Class F fly ash, formed from the burning of anthracite and bituminous coal, is one of two types of fly ash that were investigated as replacements for cement. The research revealed that concrete mixtures in which more than 50 percent of the cement has been replaced by the industrial waste product can be made to outperform conventional concrete mixtures while maintaining their inherent cost and carbon savings. University of Kentucky Center for Applied Energy Research
The early strength of high-volume fly ash concrete can be dramatically improved by the substitution of limestone for a portion of the ash.
September 17, 2013—In recent laboratory testing, concrete mixtures in which more than 50 percent of the cement has been replaced by the industrial waste product fly ash can be made to outperform conventional concrete mixtures while maintaining their inherent cost and carbon savings. The performance enhancements were made by replacing 25 percent of the fly ash, by volume, with a fine limestone powder and in some cases specifying Type III portland cement.
“A lot of the industry is using 15, 20, even 25 percent fly ash in their mixtures, but this research demonstrates that you can go beyond that and maybe replace 40 up to 60 percent of your cement with fly ash and limestone,” says Dale Bentz, a chemical engineer for the National Institute of Standards and Technology (NIST).
Bentz collaborated with Jussara Tanesi, Ph.D., a contracted project manager with the Federal Highway Administration (FHWA), and Ahmad Ardani, P.E., a concrete materials research engineer for the FHWA, to conduct laboratory performance tests of 14 different mixtures of high-volume fly ash (HVFA) concrete; the tests included one conventional mixture as a control.
The researchers began with nine basic mixtures: the control concrete and mixtures with either 40 or 60 percent fly ash by volume, the fly ash being classified as either Class C or Class F by ASTM International. Some of the mixtures substituted fine limestone powder for 25 percent of the fly ash by volume.
Fly ash is a by-product of combustion; most commercially available fly ash is produced in coal-burning power plants. Fly ash varies in chemical composition based on the type of coal that was burned. Class F fly ash forms from the burning of anthracite and bituminous coal. Class C fly ash results from lignite or subbituminous coal.
“These are two vastly different fly ashes in terms of their calcium oxide contents and also in terms of the way they behave in cementitious systems,” Bentz says. “The F ash is basically inert at early ages and the C ash produces extensive retardation. So it’s really a problematic ash to use.”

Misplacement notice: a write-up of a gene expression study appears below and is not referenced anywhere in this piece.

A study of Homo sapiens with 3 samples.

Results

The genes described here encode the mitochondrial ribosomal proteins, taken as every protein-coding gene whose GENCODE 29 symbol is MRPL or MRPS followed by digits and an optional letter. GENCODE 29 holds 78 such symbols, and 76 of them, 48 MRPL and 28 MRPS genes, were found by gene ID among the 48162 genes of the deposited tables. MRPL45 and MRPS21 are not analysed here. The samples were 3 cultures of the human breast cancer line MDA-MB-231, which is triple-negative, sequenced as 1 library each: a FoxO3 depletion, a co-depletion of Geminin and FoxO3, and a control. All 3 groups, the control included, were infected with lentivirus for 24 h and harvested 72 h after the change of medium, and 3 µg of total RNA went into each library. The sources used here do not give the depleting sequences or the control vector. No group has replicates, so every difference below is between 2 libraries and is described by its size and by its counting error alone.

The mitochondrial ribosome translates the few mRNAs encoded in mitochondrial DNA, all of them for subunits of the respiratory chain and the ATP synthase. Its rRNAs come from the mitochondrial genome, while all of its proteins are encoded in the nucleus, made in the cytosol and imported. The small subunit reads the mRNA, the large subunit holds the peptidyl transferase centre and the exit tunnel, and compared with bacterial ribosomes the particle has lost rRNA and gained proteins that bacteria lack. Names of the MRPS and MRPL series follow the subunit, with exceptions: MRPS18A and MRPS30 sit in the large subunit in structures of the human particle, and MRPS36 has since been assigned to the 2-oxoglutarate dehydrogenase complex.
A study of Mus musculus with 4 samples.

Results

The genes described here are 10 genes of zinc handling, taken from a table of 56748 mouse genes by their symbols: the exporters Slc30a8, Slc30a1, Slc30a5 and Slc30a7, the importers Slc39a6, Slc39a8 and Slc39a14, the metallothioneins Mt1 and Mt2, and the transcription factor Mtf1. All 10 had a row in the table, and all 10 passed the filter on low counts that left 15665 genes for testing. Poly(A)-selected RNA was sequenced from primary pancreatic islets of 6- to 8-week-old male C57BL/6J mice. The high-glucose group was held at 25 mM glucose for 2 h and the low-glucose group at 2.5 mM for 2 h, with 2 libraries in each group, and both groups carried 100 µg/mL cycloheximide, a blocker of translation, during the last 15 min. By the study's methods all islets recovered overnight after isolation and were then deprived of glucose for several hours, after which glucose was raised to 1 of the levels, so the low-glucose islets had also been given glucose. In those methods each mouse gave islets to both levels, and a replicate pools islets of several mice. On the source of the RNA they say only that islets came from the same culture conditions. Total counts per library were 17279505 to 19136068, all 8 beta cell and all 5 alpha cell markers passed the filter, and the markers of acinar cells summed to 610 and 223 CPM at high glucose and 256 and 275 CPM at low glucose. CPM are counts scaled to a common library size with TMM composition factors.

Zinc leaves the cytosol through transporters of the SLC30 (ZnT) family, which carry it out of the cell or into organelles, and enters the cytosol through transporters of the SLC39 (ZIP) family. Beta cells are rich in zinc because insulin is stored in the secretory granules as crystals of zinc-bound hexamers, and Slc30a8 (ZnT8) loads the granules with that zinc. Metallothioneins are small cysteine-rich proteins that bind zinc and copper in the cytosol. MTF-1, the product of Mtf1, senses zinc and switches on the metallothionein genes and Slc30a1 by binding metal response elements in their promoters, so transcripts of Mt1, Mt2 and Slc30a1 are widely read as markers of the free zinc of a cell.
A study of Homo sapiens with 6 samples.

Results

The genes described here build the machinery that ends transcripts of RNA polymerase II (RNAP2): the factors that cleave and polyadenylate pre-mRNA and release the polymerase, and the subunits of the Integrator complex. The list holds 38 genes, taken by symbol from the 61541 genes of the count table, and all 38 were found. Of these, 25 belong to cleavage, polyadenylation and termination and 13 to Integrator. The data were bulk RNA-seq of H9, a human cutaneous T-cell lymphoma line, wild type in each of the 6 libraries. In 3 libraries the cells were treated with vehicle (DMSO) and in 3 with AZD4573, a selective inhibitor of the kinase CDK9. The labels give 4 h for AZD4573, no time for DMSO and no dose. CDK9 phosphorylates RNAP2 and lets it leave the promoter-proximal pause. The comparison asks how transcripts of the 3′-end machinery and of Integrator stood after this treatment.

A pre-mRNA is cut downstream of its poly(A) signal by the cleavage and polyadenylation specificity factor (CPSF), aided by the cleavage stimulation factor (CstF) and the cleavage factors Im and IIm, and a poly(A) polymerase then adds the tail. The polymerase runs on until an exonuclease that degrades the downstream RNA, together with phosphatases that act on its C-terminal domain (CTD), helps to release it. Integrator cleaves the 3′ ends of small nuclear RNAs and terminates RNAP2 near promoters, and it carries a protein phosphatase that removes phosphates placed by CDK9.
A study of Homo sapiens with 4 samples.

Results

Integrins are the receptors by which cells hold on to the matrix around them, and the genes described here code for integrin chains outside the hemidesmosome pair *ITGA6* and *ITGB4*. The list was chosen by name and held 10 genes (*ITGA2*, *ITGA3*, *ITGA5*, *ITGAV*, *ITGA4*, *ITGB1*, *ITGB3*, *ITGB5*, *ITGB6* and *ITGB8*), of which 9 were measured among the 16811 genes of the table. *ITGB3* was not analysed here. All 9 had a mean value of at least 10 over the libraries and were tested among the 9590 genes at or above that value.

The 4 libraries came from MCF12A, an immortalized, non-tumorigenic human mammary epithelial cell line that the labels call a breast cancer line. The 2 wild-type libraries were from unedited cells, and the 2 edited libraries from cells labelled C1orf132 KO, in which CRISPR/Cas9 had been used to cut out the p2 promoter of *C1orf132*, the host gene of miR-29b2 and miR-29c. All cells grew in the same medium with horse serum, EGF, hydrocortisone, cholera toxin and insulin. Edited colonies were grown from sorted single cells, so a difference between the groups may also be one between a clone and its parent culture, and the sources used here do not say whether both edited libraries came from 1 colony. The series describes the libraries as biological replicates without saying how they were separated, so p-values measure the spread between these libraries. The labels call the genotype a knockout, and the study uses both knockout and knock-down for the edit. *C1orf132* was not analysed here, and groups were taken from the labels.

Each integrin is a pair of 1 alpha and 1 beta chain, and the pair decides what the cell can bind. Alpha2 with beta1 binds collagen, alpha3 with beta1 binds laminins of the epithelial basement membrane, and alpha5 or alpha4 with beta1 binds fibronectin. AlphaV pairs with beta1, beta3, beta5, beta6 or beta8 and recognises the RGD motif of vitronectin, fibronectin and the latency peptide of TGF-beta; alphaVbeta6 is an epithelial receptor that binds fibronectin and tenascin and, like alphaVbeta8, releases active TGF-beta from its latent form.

The team performed mixture proportioning and replacements on a volumetric basis, Bentz says. In the industry, mass-based replacement is more common, but creates complications because fly ash is typically much less dense than cement and thus changes the mixture proportions, water content, and yield.
On the basis of the first round of testing, the team conducted a second phase of testing on some of the formulas with either a lower water-to-powder ratio, or with the Type I/II cement replaced by Type III (high early strength) cement.
“Those mixtures, in general, exceeded the strengths of the control mixture and still had a significant reduction in their carbon footprint—and were also economical,” Bentz says.
The highest-performing mixtures in the study had 3,880 psi of compressive strength at day one, compared to 2,870 psi for the conventional control mixture. That advantage held over the course of the test period, with a strength of 8,840 psi for the C fly ash Type III mixture at day 28, compared to 6,750 psi for the control mixture. The fly ash mixture is estimated to cost $48.41 per cubic yard, compared to $53.61 per cubic yard for the control.
The limestone serves an important function in a concrete mixture, offering clear benefits and synergisms, Bentz notes. “The cement grains partially dissolve, go into solution, and then form reaction products that precipitate back on the cement grains,” Bentz explains. “Some nucleate and grow in the water-filled spaces. The limestone gives extra surfaces for that precipitation. It turns out that the hydration products like to precipitate on limestone just as much as they do on the cement particles.”
“Limestone powder provides a better backbone, because it’s the growth of this network of hydration products that’s going to give you the setting and strength in your material,” Bentz adds. “The limestone accelerates the hydration by providing more surfaces for that precipitation to occur. And it also partially reacts in the system with some of the aluminate phases that are present in the cement or the fly ash. And they tend to form reaction products that are more voluminous and stiffer, so that decreases porosity and increases strength.”
The results of the research, “Ternary Blends for Controlling Cost and Carbon Content,” were published by the American Concrete Institute in the August 2013 issue of the journal Concrete International. NIST will soon release Technical Note 1812, “Best Practices Guide for High-Volume Fly Ash Concretes: Assuring Properties and Performance.”